Surprisingly, the ELD regulations do not require carriers to formally train drivers on ELDs.  However, it’s a practical reality and a very good idea. The technology is new to many drivers and office personnel, the rules are detailed, and each company will have compliance policies and operational procedures related to ELD use.  Even if a carrier has been using some type of electronic logging system for years, ELDs capture more data, and the rules governing ELD use are new and complex.

Training is Critical

At a minimum, any training should involve drivers, safety and compliance personnel, maintenance staff, and operations and dispatch staff. Drivers will need to become familiar with certain items, including:

  • the look, feel and functions of the selected ELD technology
  • the login and logout processes
  • the methods for changing duty status from the automatically captured driving time to on-duty, not driving (line 4), off-duty (line 1), and, if applicable, sleeper berth status (line 2)
  • how the special driving categories of “personal conveyance” and “yard moves” are activated, if authorized by the carrier


Safety, Compliance, Dispatch, Operations and Maintenance

Safety, Compliance, Dispatch, Operations and Maintenance personnel will need to become familiar with certain items, too:

  • the look, feel and functions of the selected ELD technology
  • the look, feel and functions of the office software associated with ELDs
  • the data captured, and the reports generated by the ELD office software
  • how to edit and annotate the ELD record when driver mistakes are made

It’s hard to overstate the importance of training.  Simply put, it’s critical to successfully implementing ELDs.  And, carriers should consider providing multiple training sessions for all affected drivers and personnel. Keep in mind that many people learn by doing.  Consider having an ELD set up in the training room to facilitate ‘hands-on’ use of the device. PeopleNet has an entire training team with expertise in developing information and materials to help customers with their training needs.  No need to reinvent the training wheel!


Utilizing FMCSA Resources

The Federal Motor Carrier Safety Administration (FMCSA) has a list of Frequently Asked Questions that can be used to supplement the training materials used. 

For example, the following two FAQs could be weaved into a training program:

Q: Who can edit an electronic logging device (ELD) record?

A: Both the driver and authorized carrier staff can make limited edits to an ELD record to correct mistakes or add missing information. All edits must include a note (annotation) to explain the reason for the edit. In addition, the driver must confirm (certify) that any carrier edit is accurate, and resubmit the records. If the driver chooses not to re-certify his or her RODS, this is also reflected in the ELD record. The ELD keeps the original, unedited record, along with the edits. Example: a carrier edits a record to switch a period of time from “off-duty” to “on-duty not driving”, with a note that explains “Driver logged training time incorrectly as off-duty.”  The edit and annotation are sent to the driver to verify. The edit is not accepted until the driver confirms it and resubmits the RODS.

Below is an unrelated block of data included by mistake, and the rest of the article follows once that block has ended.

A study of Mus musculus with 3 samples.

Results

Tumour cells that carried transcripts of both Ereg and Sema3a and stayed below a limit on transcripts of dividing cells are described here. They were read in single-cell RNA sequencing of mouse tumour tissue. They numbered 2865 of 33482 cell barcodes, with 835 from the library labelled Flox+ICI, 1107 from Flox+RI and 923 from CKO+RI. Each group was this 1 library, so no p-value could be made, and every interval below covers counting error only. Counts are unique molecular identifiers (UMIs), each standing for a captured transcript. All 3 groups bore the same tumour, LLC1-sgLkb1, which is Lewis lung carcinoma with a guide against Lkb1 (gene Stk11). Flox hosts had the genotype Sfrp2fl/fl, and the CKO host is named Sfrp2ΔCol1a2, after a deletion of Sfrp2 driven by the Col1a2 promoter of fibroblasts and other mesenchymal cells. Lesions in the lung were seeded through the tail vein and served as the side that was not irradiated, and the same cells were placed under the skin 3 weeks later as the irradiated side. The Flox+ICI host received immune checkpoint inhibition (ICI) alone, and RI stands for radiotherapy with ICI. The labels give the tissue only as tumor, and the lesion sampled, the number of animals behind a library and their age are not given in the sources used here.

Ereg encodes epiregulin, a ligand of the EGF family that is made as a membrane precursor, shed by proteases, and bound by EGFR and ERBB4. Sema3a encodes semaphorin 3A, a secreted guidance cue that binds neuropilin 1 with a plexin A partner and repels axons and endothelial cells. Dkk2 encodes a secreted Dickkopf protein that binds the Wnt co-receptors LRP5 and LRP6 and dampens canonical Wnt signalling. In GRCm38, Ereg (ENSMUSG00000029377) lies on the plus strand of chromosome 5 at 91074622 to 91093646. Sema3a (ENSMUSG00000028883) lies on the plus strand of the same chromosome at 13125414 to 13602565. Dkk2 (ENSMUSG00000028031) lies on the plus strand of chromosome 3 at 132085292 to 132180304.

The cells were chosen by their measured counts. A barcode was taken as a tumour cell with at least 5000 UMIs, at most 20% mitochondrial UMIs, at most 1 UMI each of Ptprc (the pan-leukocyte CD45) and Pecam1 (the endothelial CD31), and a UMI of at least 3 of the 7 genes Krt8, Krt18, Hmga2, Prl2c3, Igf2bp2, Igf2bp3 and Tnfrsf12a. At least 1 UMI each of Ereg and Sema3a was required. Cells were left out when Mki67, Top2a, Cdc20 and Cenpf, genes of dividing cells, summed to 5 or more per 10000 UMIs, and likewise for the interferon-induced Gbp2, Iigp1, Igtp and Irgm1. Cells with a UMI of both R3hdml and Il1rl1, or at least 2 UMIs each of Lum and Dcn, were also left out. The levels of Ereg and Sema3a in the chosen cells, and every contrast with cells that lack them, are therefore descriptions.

Q: What are the options for ELDs to electronically transfer data?

A: An ELD must be able to either:

  • Transmit data using wireless Web services and email, or
  • Transfer data locally using a thumb or flash drive (USB2.0) and Bluetooth.A driver must also be able to provide either the display or a printout to an authorized safety official on request.

Interested in learning more? Download our latest whitepaper to find out about how to successfully implement ELDs within your fleet. For additional information on all things ELD, visit our ELD Resource page.


About the Author

David J. (Dave) Osiecki is the President of Scopelitis Transportation Consulting LLC (STC) and personally delivers the training and advisory service offerings of STC. He began his 30-year transportation career in 1986 as a motor carrier safety auditor in the field for the Federal Highway Administration’s Office of Motor Carriers (OMC). He spent several years building his trucking and regulatory expertise in program, policy and regulatory development positions for OMC in Washington, DC. He left federal service in 1995 and spent the last 20 years at the American Trucking Associations in Washington working on behalf of the trucking industry in policy, regulatory and advocacy-related positions. Mr. Osiecki rose to the Executive Vice President & Chief of National Advocacy for ATA, and has represented the industry before State legislatures, federal agencies, the U.S. Congress and in the national media, including appearances on national network news programs. Over the last 15 years, Mr. Osiecki has also been a regular speaker and commentator before transportation and trucking industry groups.